The answer lies in the Japanese art of origami. Inspired by the traditional paper-folding techniques, engineers and marine biologists have designed a 3D printed, 12-sided origami trap that can fold gently and around unsuspecting sea creatures. The device (which is known as the rotary actuated dodecahedron, or RAD for short) can be attached to the arm of an underwater rover and triggered remotely to capture soft marine life safely.

The device has been successfully tested, by trapping a small squid, octopuses and jellyfish at a depth of 700 meters in the ocean. The design is robust enough to work at depths of up to 11 kilometres, and it could easily be scaled up to target larger organisms.

This is the key to exploring the ocean, and devices like suction samplers (which literally hoover up samples from remote rovers) can target specific organisms, but they can still damage delicate lifeforms. This means that the study of soft-bodied creatures, like jellyfish, comb jellies and tunicate has been "neglected" says David Gruber, a marine biologist who helped design RAD. Gruber also says that with the help of new technology, we are just beginning to understand the vital role such creatures play in the ocean ecosystem. "Globally, gelatinous zooplankton is estimated to constitute a biomass of more than 38 billion kilograms of carbon," he points out. That’s roughly 7% of the world’s total biomass (the dry weight of living organisms) or more than 100 times the total biomass of humanity.

Designing the RAD was definitely a mission for the team and tough to develop, due to the device being full of small but important design touches. For example, there are gaps left between the panels of the dodecahedron in order to stop pressure from building up in the interior when the marine rover makes the trip from the bottom of the ocean to the surface. The edge of the panel is also softer than the durable plastic in the main body.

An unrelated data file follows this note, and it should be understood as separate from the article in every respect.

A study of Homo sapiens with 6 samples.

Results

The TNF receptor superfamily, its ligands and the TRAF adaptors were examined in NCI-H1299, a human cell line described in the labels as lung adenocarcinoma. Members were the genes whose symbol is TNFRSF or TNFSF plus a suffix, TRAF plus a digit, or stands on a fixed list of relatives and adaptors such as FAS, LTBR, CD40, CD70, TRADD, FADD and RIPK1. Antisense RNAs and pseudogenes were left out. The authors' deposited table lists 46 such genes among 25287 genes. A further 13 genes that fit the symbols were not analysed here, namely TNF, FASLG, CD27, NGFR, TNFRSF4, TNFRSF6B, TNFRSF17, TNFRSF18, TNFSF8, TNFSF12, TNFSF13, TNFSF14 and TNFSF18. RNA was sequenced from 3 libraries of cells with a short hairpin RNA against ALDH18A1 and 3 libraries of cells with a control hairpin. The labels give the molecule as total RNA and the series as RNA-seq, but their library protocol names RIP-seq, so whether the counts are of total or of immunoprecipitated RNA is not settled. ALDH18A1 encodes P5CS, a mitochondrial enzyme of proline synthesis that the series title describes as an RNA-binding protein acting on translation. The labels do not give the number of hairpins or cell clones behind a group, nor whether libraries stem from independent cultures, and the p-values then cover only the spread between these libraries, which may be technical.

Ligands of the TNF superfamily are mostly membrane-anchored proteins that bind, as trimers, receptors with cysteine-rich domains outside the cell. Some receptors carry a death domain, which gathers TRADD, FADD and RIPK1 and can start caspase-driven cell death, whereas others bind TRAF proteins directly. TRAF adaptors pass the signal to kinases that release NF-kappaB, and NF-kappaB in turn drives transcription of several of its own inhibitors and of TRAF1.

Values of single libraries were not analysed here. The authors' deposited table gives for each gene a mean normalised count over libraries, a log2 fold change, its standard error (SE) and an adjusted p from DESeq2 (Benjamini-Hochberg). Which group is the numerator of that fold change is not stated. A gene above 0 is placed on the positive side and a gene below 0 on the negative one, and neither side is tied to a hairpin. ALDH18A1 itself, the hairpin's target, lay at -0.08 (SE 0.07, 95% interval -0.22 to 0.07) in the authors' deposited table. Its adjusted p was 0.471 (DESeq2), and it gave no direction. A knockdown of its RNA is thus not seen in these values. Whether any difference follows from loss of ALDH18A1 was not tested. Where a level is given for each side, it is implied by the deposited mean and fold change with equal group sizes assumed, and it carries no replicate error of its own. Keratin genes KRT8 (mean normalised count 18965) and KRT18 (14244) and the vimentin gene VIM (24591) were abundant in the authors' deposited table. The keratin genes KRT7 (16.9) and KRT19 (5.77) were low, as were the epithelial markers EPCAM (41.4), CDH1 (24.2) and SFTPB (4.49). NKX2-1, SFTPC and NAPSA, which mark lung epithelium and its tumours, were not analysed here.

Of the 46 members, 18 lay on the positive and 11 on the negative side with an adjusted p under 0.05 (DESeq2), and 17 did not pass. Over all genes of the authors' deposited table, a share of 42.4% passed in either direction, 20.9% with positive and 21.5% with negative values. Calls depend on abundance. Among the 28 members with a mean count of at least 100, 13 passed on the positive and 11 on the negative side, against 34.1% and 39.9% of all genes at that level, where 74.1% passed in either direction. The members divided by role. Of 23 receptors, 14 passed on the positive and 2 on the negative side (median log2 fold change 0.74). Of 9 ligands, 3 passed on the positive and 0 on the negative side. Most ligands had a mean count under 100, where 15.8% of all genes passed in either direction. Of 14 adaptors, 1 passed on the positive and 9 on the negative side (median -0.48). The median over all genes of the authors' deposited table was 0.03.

According to Harvard University mechanical engineer, Zhi Ern Teoh, the main challenge was getting the origami to unfold using just a single motor. In order to do so, the system has fewer points of failure and can be folded and unfolded with a single command. However, it meant Teoh and his peers had to design a complex series of linkages that connects each of the device's 12 panels back to the central motor. This had to be light enough not to strain the motor and robust enough not to break mid-mission.

This origami device is just one method that's being explored for the capture of soft-bodied marine life. One big advantage of this design is that its potential for modification. As mentioned above, the mechanism could be scaled up to just about any size, allowing it to capture larger species.

While the RAD is currently manually operated, it could also be turned into an automated trap which lures sea creatures and sensors to detect when they're in the right position to be grabbed.